發佈日期: 2019-09-16

Men working in the construction industry have the highest smoking rate in the workplace of any occupational group, according to the results of a survey released by the Health Promotion Administration (HPA) on Wednesday.

The agency released the results, conducted via telephone in 2017, as part of a news conference in Taipei to mark the WHO’s World No Tobacco Day, which is today. The theme of this year’s even is tobacco and lunch health.

The average person’s career lasts 40 years, with at least eight hours spent in the workplace each day, Occupational Safety and Health Administration Deputy Director-General Lee Po-chang (李柏昌) said.

Spending every day in a smoking environment is detrimental to lung health, he said.

Having a nonsmoking policy would improve a company’s image, demonstrating that it values not only occupational safety, but also the health and welfare of its employees, he added.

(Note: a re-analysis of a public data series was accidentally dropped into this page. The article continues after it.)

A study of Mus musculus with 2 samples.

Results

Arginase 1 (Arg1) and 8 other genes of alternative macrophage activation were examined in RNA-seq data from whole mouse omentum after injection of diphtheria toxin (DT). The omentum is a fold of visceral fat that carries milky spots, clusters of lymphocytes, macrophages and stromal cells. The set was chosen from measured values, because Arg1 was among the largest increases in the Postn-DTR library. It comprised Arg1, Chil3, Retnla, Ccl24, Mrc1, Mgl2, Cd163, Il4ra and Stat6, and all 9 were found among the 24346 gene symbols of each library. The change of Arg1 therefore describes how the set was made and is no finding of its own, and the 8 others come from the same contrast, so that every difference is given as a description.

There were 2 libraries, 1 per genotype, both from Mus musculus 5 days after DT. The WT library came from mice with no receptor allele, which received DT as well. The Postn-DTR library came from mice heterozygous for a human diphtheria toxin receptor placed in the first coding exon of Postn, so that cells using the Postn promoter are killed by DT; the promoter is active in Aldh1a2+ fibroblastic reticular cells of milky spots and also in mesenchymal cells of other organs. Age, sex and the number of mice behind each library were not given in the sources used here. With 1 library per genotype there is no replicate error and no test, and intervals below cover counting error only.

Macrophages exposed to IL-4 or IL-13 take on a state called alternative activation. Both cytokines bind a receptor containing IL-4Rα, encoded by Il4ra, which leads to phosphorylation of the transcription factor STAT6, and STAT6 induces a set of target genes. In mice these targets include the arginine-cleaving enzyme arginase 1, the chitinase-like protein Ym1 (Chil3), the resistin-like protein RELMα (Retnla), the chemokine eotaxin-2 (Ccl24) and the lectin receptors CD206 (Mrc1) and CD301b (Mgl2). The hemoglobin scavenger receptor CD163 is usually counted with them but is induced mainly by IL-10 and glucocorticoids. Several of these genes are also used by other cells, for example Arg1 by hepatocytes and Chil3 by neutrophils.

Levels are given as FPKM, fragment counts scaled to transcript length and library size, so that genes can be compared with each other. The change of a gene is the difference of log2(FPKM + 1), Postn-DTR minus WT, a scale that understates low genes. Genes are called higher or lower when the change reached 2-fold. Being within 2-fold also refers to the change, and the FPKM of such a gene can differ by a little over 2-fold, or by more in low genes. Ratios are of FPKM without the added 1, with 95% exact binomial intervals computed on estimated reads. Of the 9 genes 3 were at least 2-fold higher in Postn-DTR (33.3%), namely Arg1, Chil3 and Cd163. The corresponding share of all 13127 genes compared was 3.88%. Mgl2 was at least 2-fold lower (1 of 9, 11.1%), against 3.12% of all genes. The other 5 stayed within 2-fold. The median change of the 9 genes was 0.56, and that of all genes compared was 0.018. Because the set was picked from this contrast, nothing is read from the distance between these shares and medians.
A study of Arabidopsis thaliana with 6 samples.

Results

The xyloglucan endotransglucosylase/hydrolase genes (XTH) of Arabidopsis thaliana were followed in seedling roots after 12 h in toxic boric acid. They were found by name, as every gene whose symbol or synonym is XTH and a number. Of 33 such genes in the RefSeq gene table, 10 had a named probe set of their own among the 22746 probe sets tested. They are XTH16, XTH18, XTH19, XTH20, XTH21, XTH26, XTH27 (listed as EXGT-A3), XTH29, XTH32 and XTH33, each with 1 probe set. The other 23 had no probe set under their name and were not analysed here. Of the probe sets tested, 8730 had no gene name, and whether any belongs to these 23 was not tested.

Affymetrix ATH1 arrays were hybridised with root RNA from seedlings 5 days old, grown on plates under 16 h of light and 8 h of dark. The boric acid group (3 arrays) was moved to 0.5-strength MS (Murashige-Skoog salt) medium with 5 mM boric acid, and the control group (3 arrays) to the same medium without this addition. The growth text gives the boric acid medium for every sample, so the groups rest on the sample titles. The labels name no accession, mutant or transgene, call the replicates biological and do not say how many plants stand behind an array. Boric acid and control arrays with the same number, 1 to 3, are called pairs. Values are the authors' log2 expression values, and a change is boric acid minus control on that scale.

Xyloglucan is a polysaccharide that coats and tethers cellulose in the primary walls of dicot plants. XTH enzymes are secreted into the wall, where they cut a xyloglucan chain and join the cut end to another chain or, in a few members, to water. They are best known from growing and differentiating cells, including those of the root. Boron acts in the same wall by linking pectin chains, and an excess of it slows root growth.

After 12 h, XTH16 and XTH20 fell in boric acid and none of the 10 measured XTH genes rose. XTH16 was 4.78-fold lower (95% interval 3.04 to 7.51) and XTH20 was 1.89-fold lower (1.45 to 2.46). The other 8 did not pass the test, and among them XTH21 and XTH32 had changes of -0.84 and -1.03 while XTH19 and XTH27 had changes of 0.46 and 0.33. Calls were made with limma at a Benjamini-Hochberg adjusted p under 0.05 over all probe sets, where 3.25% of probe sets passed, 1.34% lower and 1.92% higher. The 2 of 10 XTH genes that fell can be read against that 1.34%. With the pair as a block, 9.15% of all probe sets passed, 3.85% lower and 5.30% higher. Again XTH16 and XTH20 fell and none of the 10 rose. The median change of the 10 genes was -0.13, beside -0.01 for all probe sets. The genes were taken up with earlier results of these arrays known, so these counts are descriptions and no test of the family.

Smoking accounts for 5.7 percent of medical costs globally, or a loss of 1.8 percent of global annual GDP, HPA Deputy Director-General Chia Shu-li (賈淑麗) said.

Workplace tobacco hazards not only endanger personal lung health, but could also expose coworkers and family members to second or third-hand smoke, she said.

The HPA has created a short video to urge workers to quit smoking, she added.

The 30-second video clip was released on the HPA’s YouTube channel on Monday.

Smokers’ risk of developing chronic obstructive pulmonary disease — a type of long-term, untreatable inflammation of the respiratory tract — is 6.3 times greater than that of nonsmokers, said Yu Chong-jen (余忠仁), president of the Taiwan Society of Pulmonary and Critical Care Medicine and a vice superintendent at National Taiwan University Hospital.

About 45 percent of deaths caused by the disease could be attributed to tobacco use, he said. Few people know that smoking could also increase the risk of tuberculosis (TB) and TB-related deaths, he added.

Globally, about 7.9 percent of people with TB developed the disease due to smoking, Yu said, adding that TB is the 11th-biggest cause of death in the world.